Writing Funny Copy: Do’s and Don’ts
Everyone’s trying to write funny these days. Funny web copy. Funny Instagram captions. Funny out-of-office messages.
I’ve been a comedy writer for years, and used to fear that my humorous stylings on Twitter could be an impediment to being hired. But lately, my experience in comedy has morphed into a serious asset for my resume. People associate humor with wit, intelligence, and relatability—and they want all that in their copy.
Alluring as it is, writing funny copy is also challenging. It’s like ordering Domino’s—it seems like a good idea, but once you actually have that Loaded Meatlovers pizza in front of you, you can lose your appetite.
With that beautiful image in mind, here are some DO’s and DON’TS:
DON’T: jump on the comedy bandwagon without a good reason
“Just because everyone else is doing something doesn’t mean you have to do it, too.”
-Your mother when you were 9, me now
Why do you want funny copy in the first place? Do you honestly think humor is the most effective way to convey your message? Or do you just enjoy other comedic websites and have dreams of your hilarious content going viral?
If the tone of your brand is sincere or serious, suddenly spicing it up with random jokes and memes will ring false to your audience. Not everything has to be funny to work—look how successful Two and a Half Men was!
DO: think of comedic writing as a conversation
This season, Reese’s released the “peanut butter tree,” which spawned an internet controversy over its…unappealing shape.
After many, many social media posts criticizing the trees, Reese’s decided to respond with its #alltreesarebeautiful campaign.
By piggybacking on the comments and responding with humor, Reese’s humanized their brand voice and showed that they were in on the joke. The internet horde was satisfied, and the great peanut butter tree debate of 2015 was over.
DON’T: devalue the work it takes to write funny
Great funny copy is SHORT. That doesn’t mean it took a SHORT amount of time to create. A three-sentence paragraph on your website that brims with wit while also clearly conveying your company’s message probably took some major rewriting and a gallon of copywriter tears to achieve. Be respectful of their work.
DON’T: get too cute
When it comes to wordplay, tread carefully.
Look, I’m not a monster—I know how strong the siren song of a pun can be. Puns are magical arrangements of words that can be engaging and groan-inducing all at the same time. But they’re the ghost peppers of the comedy world: a little goes a long way. So take the heat off yourself and steer clear.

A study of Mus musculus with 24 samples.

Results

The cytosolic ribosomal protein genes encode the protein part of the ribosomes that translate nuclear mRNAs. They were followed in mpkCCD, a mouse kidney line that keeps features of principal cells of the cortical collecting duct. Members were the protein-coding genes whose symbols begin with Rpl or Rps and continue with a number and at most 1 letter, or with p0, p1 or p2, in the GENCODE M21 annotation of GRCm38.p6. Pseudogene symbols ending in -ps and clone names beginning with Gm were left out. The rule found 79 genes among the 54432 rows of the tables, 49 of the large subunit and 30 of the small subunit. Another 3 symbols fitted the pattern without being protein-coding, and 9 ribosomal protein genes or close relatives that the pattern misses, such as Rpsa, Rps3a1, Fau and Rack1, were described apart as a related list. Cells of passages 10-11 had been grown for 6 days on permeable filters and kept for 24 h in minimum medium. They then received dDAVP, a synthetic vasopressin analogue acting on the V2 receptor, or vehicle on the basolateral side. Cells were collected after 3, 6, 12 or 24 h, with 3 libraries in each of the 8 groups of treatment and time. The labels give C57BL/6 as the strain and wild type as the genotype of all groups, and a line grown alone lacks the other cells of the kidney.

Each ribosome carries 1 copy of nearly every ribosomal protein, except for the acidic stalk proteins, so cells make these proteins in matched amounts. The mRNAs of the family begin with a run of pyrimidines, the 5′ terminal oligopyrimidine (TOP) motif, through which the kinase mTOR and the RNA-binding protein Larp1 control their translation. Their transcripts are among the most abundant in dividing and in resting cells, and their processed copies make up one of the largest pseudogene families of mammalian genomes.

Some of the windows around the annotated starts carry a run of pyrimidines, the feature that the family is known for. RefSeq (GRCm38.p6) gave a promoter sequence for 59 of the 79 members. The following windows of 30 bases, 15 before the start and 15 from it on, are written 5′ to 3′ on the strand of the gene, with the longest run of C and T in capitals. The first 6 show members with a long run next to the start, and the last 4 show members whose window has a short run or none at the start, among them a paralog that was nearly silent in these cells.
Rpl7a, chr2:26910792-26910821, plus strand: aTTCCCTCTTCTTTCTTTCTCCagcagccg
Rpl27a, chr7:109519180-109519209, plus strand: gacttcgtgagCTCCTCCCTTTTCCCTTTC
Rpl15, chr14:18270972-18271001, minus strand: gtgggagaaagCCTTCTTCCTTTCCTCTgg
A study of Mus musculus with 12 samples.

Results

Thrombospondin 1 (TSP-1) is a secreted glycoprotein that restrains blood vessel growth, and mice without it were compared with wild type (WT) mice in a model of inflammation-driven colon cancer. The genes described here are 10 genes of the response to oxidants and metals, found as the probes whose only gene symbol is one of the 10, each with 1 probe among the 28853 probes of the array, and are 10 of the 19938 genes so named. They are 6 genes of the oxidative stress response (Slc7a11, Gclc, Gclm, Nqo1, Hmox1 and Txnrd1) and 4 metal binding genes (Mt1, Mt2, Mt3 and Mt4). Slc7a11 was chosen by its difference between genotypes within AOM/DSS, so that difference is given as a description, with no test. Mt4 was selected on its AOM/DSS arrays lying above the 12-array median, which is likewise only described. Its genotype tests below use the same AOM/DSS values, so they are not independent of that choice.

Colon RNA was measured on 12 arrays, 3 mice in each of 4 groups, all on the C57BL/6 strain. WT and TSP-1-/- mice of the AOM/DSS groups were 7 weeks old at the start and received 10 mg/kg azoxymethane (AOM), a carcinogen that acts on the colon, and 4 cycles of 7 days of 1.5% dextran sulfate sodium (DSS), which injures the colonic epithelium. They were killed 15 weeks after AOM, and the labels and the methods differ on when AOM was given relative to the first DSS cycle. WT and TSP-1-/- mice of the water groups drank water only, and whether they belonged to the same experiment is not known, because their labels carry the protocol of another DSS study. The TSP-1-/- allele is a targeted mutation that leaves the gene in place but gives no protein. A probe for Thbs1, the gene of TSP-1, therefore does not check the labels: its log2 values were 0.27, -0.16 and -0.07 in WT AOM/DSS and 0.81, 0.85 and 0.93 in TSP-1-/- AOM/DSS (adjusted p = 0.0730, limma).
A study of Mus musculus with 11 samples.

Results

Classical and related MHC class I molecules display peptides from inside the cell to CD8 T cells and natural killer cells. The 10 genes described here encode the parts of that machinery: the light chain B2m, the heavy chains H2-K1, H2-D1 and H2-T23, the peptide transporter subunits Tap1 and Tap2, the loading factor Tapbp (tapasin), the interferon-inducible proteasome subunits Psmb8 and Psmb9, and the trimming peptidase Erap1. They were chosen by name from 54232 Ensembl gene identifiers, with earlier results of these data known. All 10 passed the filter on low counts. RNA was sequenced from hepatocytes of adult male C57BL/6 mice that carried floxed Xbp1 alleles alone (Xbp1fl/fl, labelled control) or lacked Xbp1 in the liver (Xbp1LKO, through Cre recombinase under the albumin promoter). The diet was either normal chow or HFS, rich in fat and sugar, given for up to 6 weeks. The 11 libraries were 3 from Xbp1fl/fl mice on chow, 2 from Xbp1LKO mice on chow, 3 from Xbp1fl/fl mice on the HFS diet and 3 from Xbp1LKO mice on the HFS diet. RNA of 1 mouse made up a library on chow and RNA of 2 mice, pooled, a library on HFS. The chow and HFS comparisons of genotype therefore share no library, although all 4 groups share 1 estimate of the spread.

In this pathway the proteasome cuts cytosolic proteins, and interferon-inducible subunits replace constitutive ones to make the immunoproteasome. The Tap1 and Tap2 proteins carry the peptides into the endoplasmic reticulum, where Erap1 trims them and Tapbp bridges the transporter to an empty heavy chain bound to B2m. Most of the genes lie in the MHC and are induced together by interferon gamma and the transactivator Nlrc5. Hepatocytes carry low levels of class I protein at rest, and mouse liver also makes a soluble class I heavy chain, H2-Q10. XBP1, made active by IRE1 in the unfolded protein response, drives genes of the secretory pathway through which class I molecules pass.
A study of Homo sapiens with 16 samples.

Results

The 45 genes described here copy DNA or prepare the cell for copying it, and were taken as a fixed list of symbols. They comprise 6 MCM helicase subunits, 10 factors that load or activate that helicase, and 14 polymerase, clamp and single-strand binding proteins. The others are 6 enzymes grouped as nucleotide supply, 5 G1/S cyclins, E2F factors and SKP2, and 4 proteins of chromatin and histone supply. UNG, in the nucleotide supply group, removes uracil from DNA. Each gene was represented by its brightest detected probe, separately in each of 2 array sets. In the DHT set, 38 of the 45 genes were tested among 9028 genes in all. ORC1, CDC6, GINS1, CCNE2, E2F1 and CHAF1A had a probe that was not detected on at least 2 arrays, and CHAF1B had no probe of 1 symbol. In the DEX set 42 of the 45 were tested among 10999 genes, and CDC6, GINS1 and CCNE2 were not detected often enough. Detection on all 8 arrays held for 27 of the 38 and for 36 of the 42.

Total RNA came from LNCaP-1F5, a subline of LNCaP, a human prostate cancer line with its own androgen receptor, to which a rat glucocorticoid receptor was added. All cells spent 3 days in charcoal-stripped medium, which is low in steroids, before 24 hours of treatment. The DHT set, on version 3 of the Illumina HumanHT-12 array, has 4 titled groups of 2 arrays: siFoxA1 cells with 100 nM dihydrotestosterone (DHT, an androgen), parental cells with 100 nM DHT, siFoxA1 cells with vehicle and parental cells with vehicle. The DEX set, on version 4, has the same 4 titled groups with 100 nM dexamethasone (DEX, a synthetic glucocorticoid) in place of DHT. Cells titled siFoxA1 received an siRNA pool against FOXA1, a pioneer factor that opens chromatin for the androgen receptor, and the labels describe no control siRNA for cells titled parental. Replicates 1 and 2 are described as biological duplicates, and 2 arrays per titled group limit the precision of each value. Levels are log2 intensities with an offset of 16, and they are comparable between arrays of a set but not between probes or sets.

DO: run your copy by someone other than yourself
If I had run that horrifying ghost pepper pun by one of my trusted readers, they absolutely would have made me remove it. Yes, humor is subjective. It’s never going to appeal to everyone all at once. But running comedic copy by an array of different people can definitely clue you in on whether it’s making sense and connecting on a basic level. Sometimes, “I don’t get it,” can be the most valuable piece of feedback you can get.
DO: establish a clear comedic voice
To write funny copy, creating and defining the comedic voice of your business is key. First, identify the words and concepts you want customers to associate with your brand or business personality. Let’s take look at Charmin toilet paper, shall we?
Charmin has established their comedic voice as highly referential, slightly gross, yet also somehow charming. It works for them—but unless you plan to answer customer questions about bathroom etiquette through the comedic persona of a cartoon bear, you’ll need to establish your own comedic voice through brainstorming, trial, and a decent amount of error.
How many hashtags do you think Charmin went through before they landed on #tweetfromtheseat? I personally don’t want to know.
DON’T: let humor take precedence over clarity
If one joke is good, five jokes must be five times as good, right? Nope. Your witty observational humor about SEO might be pure fire, but if it’s obscuring your overall message, you need to put it out fast. Remember, as Abraham Lincoln once said, “never overemphasize humor over clarity in your marketing materials.”
DO: enjoy the process
Even if you end up not going with comedic or funny copy, trying your hand at humorous writing can help you form a stronger point of view, clarify your thoughts, and show you which unnecessary details you can cut out. Oh, and nail your out of office messages forever.
Caitlin Kunkel is a comedy writer, copy connoisseur, and college professor who teaches satire for Second City in Chicago and Pacific Northwest College of Art. She lives in Portland, OR, where she studies ironic yoga and the role cat jokes play in the universe. Read more of her musings @KunkelTron or at the more professionally named www.caitlinkunkel.com.